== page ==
Tutorial: Multi Dimensional Array in Java

code for 2 dimensional Array in Java

Java, like most other powerful programming languages, supports multi-dimensional arrays, like 2 dimensional and 3 dimensional arrays. Previously we have discussed about working with one dimensional arrays in Java. In this tutorial let’s discuss about 2 dimensional and 3 dimensional arrays. The same principles are applied to higher dimension arrays as well.

2 Dimensional Array in Java

There are two ways to implement 2-dimensional arrays. Many languages reserve a block of memory large enough to hold all elements of the full, rectangular, array (number of rows times number of columns times the element size). Java doesn’t do this. Instead Java builds multi-dimensional arrays from many one-dimensional arrays, the so-called “arrays of arrays” approach.

Two-dimensional arrays are defined as “an array of arrays”. Since an array type is a first-class Java type, we can have an array of ints, an array of Strings, or an array of Objects. For example, an array of ints will have the type int[]. Similarly we can have int[][], which represents an “array of arrays of  ints”. Such an array is said to be a two-dimensional array.

The following command:

int[][] twodimArray = new int[3][4];

declares a variable, twodimArray, of type int[][], and it initializes that variable to refer to a newly created object. That object is an array of arrays of ints. Here, the notation int[3][4] indicates that there are 3 arrays of ints in the array twodimArray, and that there are 4 ints in each of those arrays.

There are a couple of interesting consequences of this: Rows may be different sizes. Also, each row is an object (an array) that can be used independently.


int[][] a1; // Declares, but doesn't allocate, 2-dim array.


As with all arrays, the new keyword must be used to allocate memory for an array. For example,

int[][] a1 = new int[3][4];


int[][] a1;
a1 = new int[3][4];


double[][] ID3 = {  {1.0, 0.0, 0.0},  {0.0, 1.0, 0.0}, {0.0, 0.0, 1.0}};

This allocates an int array with 3 rows and 4 columns. As with all objects, the values are initialized to zero (unlike local variables which are uninitialized).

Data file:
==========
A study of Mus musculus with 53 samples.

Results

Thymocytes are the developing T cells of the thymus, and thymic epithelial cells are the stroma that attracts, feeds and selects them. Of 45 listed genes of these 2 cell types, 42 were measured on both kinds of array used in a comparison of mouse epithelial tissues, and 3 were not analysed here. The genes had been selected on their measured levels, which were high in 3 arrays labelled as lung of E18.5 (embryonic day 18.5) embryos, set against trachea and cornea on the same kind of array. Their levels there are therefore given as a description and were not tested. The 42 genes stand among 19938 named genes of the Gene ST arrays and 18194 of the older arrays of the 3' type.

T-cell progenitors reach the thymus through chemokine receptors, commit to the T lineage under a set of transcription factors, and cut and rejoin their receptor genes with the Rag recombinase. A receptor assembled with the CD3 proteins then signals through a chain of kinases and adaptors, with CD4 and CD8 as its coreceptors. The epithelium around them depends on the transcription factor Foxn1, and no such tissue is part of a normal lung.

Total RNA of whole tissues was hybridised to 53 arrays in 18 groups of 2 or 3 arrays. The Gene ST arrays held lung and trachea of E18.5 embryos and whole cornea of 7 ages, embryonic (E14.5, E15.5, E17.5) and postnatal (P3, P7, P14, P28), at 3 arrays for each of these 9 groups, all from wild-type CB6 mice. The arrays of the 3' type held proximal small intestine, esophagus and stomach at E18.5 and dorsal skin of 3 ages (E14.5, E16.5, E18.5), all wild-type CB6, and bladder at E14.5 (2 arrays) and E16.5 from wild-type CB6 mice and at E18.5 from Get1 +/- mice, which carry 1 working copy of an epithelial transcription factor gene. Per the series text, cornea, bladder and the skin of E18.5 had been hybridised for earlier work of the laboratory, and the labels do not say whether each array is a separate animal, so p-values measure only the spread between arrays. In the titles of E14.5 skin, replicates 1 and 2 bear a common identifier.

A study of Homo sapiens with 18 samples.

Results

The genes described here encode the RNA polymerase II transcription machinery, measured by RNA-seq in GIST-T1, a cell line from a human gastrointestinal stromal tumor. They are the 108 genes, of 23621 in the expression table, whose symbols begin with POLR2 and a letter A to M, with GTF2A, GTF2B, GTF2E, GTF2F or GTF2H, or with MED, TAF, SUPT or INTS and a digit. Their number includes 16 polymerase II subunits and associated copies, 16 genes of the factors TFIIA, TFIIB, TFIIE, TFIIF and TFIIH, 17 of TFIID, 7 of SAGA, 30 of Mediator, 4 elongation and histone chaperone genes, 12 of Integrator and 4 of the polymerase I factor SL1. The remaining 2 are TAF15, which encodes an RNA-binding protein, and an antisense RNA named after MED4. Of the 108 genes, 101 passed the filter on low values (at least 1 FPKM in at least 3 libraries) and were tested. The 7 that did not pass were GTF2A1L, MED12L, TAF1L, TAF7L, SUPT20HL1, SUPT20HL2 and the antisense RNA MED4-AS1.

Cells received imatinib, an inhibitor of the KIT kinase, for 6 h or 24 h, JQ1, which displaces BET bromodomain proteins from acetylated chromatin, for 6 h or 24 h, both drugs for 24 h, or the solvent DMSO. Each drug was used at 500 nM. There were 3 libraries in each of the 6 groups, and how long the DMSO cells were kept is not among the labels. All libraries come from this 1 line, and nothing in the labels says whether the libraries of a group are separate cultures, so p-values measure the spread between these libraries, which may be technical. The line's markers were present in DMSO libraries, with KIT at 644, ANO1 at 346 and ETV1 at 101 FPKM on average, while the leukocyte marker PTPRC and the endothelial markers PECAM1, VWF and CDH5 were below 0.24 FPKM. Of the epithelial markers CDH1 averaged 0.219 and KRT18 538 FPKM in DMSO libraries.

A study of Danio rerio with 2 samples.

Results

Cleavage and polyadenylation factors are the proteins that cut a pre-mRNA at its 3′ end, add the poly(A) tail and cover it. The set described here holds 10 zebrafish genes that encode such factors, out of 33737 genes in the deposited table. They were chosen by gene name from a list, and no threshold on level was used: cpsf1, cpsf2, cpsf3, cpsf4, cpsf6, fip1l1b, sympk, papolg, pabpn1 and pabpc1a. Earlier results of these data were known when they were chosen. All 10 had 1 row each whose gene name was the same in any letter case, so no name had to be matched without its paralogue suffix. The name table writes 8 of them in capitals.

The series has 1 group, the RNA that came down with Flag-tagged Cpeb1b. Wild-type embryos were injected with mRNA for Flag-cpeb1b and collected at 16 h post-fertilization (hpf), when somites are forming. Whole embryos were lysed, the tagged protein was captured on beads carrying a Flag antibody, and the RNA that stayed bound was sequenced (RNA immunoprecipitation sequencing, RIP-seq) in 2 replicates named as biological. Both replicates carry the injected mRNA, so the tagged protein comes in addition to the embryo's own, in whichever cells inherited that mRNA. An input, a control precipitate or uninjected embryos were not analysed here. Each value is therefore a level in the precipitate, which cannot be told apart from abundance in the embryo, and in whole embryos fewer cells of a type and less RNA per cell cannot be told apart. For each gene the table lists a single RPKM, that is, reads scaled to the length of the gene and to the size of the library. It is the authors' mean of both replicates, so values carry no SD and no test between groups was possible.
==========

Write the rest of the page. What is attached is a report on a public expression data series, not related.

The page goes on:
This actually allocates 5 objects: a one-dimensional array of 4 elements for each of the rows, and a one-dimensional array of 3 elements, with each element pointing to the appropriate row array.


Often 2-dimensional arrays are processed with nested for loops. Notice in the following example how the rows are handled as separate objects.

Java Program

public class TwoDimArrayDemo{
  public static void main(String[] args) {
    int[][] twoDimArray = new int[3][4];
    for (int i=0; i<twoDimArray.length; i++) {
      for (int j=0; j<twoDimArray[i].length; j++) {
        twoDimArray[i][j] = i;
        System.out.print(" " + twoDimArray[i][j]);


code for 2 dimensional Array in Java

3 Dimensional Array in Java

Java Program

class Array3D{
  public static void main(String args[]){
    int[][][] a2 = new int[2][2][4];
    for (int i = 0; i < a2.length; i++)
    for (int j = 0; j < a2[i].length; j++)
    for (int k = 0; k < a2[i][j].length; k++)
    System.out.println("a2[" + i + "][" + j + "][" + k + "] = "+ a2[i][j][k]);


code for 3 dimensional Array in Java

Explanation of Code & Output

Multi-dimensional array is processed through nested loops. For n-dimensional array you need n number of nested loops. As I said default value for each position of an array is ‘0’. It’s proved from the output of 3-dimensional array.

Checkout more useful tutorials and definitive guidelines on Java programming here.

About the author

Nitin Agarwal

A blogger, tech evangelist, YouTube creator, books lover, traveler, thinker, and believer of minimalist lifestyle.